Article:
It’s well known among those who keep track of obscure Christmas traditions (almost no one), that once you do something, anything, in two consecutive years during the holidays, you have started a Christmas tradition which you will then have to maintain for the rest of your days, passing it on to the next generation in the process. It can be something as elaborate as singing Christmas Time’s a-Comin’ backwards, or something as simple yet powerful like giving yourself food poisoning from tainted egg nog. Do it once and it’s a Christmas fluke; do it twice, and a family tradition is born.
I put the call out to various bluegrass artists to let me know what their lesser-known Christmas traditions were, and I got the following responses. All wished to remain anonymous, for fear their family rituals would hereafter be named after them, like The Rhonda Vincent Blindfolded Christmas Bus Decoration Party, or The Ron Block Banjo Strap Snow Dance. Here are the ones I liked the best and which were least likely to result in fatalities:
In my family we spend Christmas Eve eating homemade caramel popcorn from my grandmother’s special recipe, watch A Christmas Carol (Alistair Sim version), then we dim the lights and gather around the Christmas tree while I read the most inappropriate fan emails of the past year.
One year, we were sitting around playing some Christmas songs and I had my capo on the wrong fret for Beautiful Star of Bethlehem, so I was playing it in E flat while everyone else was playing in E. As a reminder of the mistake, I did it again the following year as a joke, and now it just wouldn’t be Christmas if I played it in the same key as everyone else. I also wear a Santa hat while doing this.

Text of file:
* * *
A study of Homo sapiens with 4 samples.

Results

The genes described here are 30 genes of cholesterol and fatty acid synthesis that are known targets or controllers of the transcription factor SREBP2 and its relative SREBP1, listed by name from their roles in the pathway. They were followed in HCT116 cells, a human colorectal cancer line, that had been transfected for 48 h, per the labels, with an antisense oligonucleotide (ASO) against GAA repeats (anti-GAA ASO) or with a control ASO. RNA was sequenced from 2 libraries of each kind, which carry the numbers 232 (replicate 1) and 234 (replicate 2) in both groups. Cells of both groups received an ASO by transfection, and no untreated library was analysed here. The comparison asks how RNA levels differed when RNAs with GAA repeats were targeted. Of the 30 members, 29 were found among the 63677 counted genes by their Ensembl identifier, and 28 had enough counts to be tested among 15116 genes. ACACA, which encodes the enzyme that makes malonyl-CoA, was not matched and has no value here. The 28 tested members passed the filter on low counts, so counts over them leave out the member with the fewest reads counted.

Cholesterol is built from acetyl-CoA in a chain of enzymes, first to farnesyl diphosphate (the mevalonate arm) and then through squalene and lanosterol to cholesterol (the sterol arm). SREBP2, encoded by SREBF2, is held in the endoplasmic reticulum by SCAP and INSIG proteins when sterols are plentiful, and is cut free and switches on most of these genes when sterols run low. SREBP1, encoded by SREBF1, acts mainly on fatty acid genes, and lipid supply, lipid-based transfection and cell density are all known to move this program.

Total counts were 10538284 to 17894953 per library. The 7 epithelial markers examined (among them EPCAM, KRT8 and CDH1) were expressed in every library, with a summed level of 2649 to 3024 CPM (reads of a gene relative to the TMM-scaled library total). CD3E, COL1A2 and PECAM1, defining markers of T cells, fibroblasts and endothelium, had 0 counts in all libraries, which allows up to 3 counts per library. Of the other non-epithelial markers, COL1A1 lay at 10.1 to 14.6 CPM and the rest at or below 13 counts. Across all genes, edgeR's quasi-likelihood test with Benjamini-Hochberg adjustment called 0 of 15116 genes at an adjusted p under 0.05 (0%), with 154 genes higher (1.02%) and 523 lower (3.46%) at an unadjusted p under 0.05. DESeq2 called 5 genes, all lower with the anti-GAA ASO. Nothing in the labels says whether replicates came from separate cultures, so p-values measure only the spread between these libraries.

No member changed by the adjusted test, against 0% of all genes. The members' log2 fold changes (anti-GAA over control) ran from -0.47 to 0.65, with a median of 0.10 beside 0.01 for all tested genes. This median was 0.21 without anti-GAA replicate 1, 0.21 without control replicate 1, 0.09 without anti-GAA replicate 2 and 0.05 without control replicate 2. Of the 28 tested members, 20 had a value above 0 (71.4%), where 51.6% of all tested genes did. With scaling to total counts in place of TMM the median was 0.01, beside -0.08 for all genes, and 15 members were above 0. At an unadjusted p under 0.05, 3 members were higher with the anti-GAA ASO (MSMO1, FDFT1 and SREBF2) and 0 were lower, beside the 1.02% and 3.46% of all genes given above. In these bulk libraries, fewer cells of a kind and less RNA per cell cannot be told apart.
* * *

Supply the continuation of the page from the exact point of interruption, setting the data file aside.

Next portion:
Every Christmas Eve, I tuck the kids into bed and read The Night Before Christmas but I change the name of all the reindeer to names of members Bill Monroe’s bands through the years: “On Baker, on Berline, on Stover, on Lyle; on Wiseman, on Willis, on Drumright and Pyle.” The kids have no idea those aren’t the real names of Santa’s reindeer. I plan to tell them when they turn 30.
One year my wife hung a guitar pick earring on the tree. I joined in the following year and hung a banjo capo on the tree. Now each year we hang a musical item that’s a little heavier than the year before. This year I’ll be hanging a Calton Case on the tree. It’s required a specially reinforced steel tree, but it was worth it to maintain this tradition. Next year we may have to flip it around and hang a small tree on an upright bass.
Every year our family band books a really terrible gig for next Christmas that we have no intention of actually playing. Our Christmas season officially starts when we cancel the show for that year. Times were so lean this year, though, that we’ve decided to play it after all. It’s the outdoor New Year’s Eve show at the Dairy Queen in Long Lake, South Dakota. It pays $100 plus free Blizzards (and maybe an actual blizzard). Come on out if you’re free.